While more and more retailers are adopting mobile technologies and systems as part of both their internal and customer-facing operations, it seems as though consumer demand for shopping experiences enabled by mobile applications is outstripping the retail supply
According to smartphone statistics compiled for Ofcom in 2011, smartphone sales nearly tripled between the first quarter (Q1) of 2009 and Q1 2011. By the end of 2011, almost a half of UK adults owned a smartphone and 9% owned a tablet. And research published by Wi-Fi hotspot network The Cloud also recently found over one in five people (21%) now expect any coffee shop they visit to offer free Wi-Fi.
Vince Russell, The Cloud managing director told Retail Technology: "Retailers adopting a 'bricks-and-clicks' strategy are realising offering customers free Wi-Fi is not just about marketing instore," he said. "It's about getting customers to spend more time in an environment the retailer can control, capturing potentially missed sales and integrating online channels at the point of decision."
Joining up customer experiences
This trend also enables retailers to expose and join up operations around not only the supply chain, but also customer transactions. For example, Delos and SecureTrading have recently partnered to provide retailers with a mobile payments system using Wi-Fi. Tim Allitt, SecureTrading head of sales and marketing, said: “Accepting payments via a smartphone allows merchants to enhance customer service with operational improvements, excellent customer relationship management and provides considerable data capture opportunities."
But Allitt cautioned that finding a partner that can meet Payment Card Industry (PCI) standards would be essential if consumers are to feel their data is secure enough to embrace mobile payments. Mark Andrews, Delos Solutions chief executive, added: “Software solutions that are quick and easy to install and can be integrated with the main EPoS [electronic point-of-sale] types for real-time interaction offer the most attractive proposition to merchants.”
John Kenney, senior vice president for business development at retail point-of-sale (PoS) and web application provider Stella Nova Technologies, added: “There are many attractive sounding, standalone mobile point of sale (PoS) applications that can process mobile transactions and can be quickly implemented," he said. "But implementation without integration across the enterprise creates the risk of developing information and data silos that can be expensive to correct downstream." He also agreed that retailers must keep pace with consumer demand.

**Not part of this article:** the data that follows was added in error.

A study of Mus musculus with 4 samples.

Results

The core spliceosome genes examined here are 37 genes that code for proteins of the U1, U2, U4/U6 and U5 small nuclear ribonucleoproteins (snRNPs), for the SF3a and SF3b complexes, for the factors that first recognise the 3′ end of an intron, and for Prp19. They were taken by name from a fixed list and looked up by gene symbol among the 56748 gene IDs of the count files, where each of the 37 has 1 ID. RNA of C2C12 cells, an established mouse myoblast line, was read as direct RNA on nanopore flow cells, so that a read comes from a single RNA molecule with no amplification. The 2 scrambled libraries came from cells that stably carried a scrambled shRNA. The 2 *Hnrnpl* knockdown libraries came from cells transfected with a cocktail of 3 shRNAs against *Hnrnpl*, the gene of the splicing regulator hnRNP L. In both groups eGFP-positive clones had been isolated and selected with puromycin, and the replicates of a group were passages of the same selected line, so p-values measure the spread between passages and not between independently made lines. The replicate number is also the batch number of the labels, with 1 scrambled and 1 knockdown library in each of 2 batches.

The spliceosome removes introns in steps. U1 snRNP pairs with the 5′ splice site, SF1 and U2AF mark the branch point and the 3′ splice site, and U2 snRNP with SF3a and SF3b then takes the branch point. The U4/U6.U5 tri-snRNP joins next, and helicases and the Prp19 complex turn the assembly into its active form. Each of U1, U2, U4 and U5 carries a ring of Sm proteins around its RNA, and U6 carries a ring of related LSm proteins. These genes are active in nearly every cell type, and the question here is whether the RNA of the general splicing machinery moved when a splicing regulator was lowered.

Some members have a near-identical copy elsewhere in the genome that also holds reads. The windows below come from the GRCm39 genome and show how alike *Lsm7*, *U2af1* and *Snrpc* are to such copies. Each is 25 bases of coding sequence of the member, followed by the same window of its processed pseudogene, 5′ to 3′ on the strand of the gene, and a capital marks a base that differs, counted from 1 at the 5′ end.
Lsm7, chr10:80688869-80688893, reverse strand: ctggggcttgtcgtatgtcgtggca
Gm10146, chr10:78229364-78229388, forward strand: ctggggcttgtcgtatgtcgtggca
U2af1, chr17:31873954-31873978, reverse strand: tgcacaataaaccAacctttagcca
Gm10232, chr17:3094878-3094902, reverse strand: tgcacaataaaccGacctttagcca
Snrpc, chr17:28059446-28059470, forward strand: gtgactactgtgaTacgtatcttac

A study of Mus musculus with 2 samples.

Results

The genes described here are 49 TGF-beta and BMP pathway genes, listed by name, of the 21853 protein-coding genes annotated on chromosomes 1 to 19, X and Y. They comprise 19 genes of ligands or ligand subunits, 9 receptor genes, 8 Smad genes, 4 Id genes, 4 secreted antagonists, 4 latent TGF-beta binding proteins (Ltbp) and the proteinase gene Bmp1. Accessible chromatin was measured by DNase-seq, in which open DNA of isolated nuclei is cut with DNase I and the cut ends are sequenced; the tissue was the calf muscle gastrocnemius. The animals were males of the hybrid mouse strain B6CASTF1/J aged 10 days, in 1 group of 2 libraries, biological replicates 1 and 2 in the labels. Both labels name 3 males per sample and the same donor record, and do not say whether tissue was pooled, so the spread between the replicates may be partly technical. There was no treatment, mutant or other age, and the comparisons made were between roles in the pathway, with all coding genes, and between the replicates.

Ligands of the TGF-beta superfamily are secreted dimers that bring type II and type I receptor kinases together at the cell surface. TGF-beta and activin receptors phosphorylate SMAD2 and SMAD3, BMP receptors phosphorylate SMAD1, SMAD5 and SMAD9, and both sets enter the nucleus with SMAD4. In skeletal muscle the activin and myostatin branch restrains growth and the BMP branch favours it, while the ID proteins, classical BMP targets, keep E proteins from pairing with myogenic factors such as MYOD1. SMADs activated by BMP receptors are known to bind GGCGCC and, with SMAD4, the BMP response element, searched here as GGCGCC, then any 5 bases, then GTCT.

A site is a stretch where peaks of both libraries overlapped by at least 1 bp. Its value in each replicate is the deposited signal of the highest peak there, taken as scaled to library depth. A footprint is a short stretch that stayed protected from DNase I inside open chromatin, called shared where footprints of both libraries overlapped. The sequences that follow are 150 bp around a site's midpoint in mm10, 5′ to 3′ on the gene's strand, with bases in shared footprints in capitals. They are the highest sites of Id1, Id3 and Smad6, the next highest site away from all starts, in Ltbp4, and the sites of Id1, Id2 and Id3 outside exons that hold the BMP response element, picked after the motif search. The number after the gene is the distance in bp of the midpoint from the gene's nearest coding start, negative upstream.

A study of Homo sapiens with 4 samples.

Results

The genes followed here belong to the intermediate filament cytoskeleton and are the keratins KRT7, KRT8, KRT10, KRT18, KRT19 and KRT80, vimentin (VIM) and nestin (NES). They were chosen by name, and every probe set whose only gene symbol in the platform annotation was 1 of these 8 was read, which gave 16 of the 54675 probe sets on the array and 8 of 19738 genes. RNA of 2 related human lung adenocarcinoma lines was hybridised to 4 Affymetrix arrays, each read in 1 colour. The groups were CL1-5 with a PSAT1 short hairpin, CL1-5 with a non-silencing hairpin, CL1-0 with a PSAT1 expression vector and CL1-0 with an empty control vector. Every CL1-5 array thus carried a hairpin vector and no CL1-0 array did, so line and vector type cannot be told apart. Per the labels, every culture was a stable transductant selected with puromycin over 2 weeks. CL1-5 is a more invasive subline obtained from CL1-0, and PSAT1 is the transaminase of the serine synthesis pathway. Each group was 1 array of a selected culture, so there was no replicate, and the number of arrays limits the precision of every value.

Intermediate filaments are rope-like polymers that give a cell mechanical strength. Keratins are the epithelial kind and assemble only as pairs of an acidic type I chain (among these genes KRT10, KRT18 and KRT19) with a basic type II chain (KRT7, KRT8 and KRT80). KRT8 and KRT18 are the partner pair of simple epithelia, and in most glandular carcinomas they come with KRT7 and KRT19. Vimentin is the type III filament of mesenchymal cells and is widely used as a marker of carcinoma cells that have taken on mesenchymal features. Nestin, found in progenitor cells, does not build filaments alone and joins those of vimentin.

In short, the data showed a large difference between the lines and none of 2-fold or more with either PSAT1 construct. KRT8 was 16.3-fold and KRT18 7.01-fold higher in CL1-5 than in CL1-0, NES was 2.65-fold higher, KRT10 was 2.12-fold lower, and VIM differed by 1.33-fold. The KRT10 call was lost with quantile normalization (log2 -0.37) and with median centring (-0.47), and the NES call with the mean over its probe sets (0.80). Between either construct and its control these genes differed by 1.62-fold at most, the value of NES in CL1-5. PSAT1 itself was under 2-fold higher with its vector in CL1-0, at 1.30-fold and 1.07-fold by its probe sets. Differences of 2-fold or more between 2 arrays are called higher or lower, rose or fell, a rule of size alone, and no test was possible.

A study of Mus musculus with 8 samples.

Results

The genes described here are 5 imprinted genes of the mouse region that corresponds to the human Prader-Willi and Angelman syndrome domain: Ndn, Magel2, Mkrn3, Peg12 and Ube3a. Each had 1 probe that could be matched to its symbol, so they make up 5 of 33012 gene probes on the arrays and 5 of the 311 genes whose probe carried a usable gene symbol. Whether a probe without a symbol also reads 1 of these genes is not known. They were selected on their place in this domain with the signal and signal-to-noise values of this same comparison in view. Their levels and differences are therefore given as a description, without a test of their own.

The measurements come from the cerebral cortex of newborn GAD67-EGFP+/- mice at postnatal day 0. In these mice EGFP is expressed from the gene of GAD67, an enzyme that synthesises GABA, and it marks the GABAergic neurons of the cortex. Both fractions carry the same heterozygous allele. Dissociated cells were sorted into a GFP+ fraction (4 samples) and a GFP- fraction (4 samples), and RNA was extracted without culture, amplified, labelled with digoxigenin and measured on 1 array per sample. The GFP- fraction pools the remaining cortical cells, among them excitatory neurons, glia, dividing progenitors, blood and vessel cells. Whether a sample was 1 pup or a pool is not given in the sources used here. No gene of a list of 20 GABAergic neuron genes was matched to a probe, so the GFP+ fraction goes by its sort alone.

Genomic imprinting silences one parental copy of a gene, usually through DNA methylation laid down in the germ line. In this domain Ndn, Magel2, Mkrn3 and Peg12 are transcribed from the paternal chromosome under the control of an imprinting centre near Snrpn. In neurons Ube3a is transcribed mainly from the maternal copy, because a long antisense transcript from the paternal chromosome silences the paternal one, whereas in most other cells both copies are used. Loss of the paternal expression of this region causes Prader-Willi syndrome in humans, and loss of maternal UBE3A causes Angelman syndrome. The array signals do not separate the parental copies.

"The mobile space is perpetually changing and, with consumer devices doing much of the transaction shaping, it is imperative not to get boxed into a corner by constraints early on," added Kenney. "Good planning and an effective pilot phase will actually result in a faster and more robust implementation, with the downstream benefits of being fully integrated into the overall enterprise.”
Staying ahead of tech development
The recent wave of mobile payment technology – from Google Wallet to PayPass Wallet and Pingit to V.me – is enough to leave retailers reeling, according to Niklaus Santschi, chief executive of SIX Payment Services. "With Visa predicting that the number of contactless PoS terminals in the UK will rise by 50% to 150,000 this year, retailers cannot afford to fall behind the pack and not upgrade," he said. But Dan White, director of retail mobile solutions at NCR, said there is a lot of pent up demand for mobile payments.
"People want to be able to use their mobile to search out stores, products, prices, and discount offers on the move," White said. "Consumers can "pre-shop" the items they're interested in, download digital discount coupons, make payments and keep track of their spending using digital receipts." And Stefan Schmidt, vice president of product strategy at e-commerce vendor hybris, cited web development around quick response (QR) and mobile bar codes, apps and mobile-optimised websites as evidence that mobile consumer adoption was influencing online, as well as instore, developments.
Schmidt added: "While retailers are starting to build marketing strategies with mobile, they are operating in isolation and are not always linked to the commerce systems. For success, they must be integrated into the multichannel strategy."This story first ran as the introduction to the 'Mobile Retailing' feature of the May/June 2012 issue of Retail Technology magazine. Click here to subscribe to the print edition or register for the free e-version.